In a multipolar world problems affecting one nation can no longer be ignored in the larger context as it could influence the policies of other countries.
A study, which went public, therefore concludes that the richer nations need to be more aware, while ensuring that their population are vaccinated against the Covid-19 infection, that they do not ignore the plight of poorer countries who may find themselves shut out of the Covid-19 vaccination programme. It all boils down to the interconnected nature of global economic recovery.
Commissioned by the International Chamber of Commerce, the study concludes that equitable distribution of vaccines is in every country’s economic interest, especially those that depend most on trade. It negates the theory that making vaccines available to poorer countries is a charitable act at best. The economic consequences of holding such a belief could have serious consequences to the global economy.
To be precise it could be a $9 trillion impact to the global economy thus affecting everyone. Economies that are progressive may end up collecting a bill amounting to nearly $2.4 trillion in losses – which translates into roughly 3.5 percent of their annual gross global domestic product before the pandemic thanks to disturbances in global trade and supply chains. In short, no one is safe till everyone is safe.
It is incumbent therefore for world leaders to stand up and be counted in these trying times as they have a global accountability. India for instance, under the stewardship of Prime Minister Narendra Modi has issued a statement of intent, followed by evidence-based action, that it would come to the assistance of countries that are in dire need of the Covid-19 vaccine.
It is part of New Delhi’s global outreach, which was also seen during the early stages of the pandemic when large consignments of pharmaceutical products, drugs and equipment were shipped to parts of the world to help fight the pandemic while India battled sky high infection rates and a national lockdown which affected the economy.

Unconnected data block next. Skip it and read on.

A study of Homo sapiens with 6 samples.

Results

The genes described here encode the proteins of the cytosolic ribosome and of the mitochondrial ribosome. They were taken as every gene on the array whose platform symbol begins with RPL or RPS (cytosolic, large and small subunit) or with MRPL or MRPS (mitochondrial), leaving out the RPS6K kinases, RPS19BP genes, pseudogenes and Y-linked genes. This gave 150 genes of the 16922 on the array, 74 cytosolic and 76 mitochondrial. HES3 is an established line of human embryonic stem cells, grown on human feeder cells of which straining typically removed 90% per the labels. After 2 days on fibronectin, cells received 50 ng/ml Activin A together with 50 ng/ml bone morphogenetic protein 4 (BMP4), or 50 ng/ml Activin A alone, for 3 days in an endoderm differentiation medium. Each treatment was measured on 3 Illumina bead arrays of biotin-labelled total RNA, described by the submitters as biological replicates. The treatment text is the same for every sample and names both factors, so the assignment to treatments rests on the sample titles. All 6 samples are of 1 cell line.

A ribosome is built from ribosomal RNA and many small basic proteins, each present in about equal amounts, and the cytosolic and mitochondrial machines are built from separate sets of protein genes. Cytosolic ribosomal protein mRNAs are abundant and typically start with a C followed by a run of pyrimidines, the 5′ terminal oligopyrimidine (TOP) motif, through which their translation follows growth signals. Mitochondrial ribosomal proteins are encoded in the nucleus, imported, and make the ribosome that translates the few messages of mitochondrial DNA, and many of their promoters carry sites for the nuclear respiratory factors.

The government cleared the first commercial exports of Covid-19 vaccines last week with consignments due to be shipped to Brazil, which is fighting off high infection rates, and Morocco from where it has received orders for the shots developed by the UK-based drugmaker AstraZeneca and Oxford University manufactured at the Serum Institute of India. Shipments to South Africa and Saudi Arabia were being queued up for movement as well.
Earlier, the Indian government had dispatched doses to neighbouring Bhutan, Maldives, Bangladesh and Nepal. Shipments to Sri Lanka, Afghanistan and Mauritius were undergoing due process in terms of clearances. India even stole a march on China by providing Myanmar with 1.5 million doses of the vaccine to inoculate 750,000 citizens. The government’s timely actions have drawn admiration and praise from the global community, while casting a shadow over Beijing’s presence in the region.
New Delhi was seen to be getting off the blocks quicker than Beijing, who had also promised to come to the aid of Myanmar by reportedly committing to 300,000 doses. Summing up the simple and effective accomplishment Saurabh Kumar, India’s Ambassador to Myanmar, said, “This is a gift from India to Myanmar.”
According to a statement made by Harsh Vardhan Shringla, which fell in line with India’s philosophy of Make in India, Make for the World, production capacities would be used for all of humanity to fight against the pandemic. “The Pharmacy of the World will deliver to overcome the COVID challenge,” Indian Foreign Minister S Jaishankar stated on Twitter.
The declaration held no ambiguity whatsoever.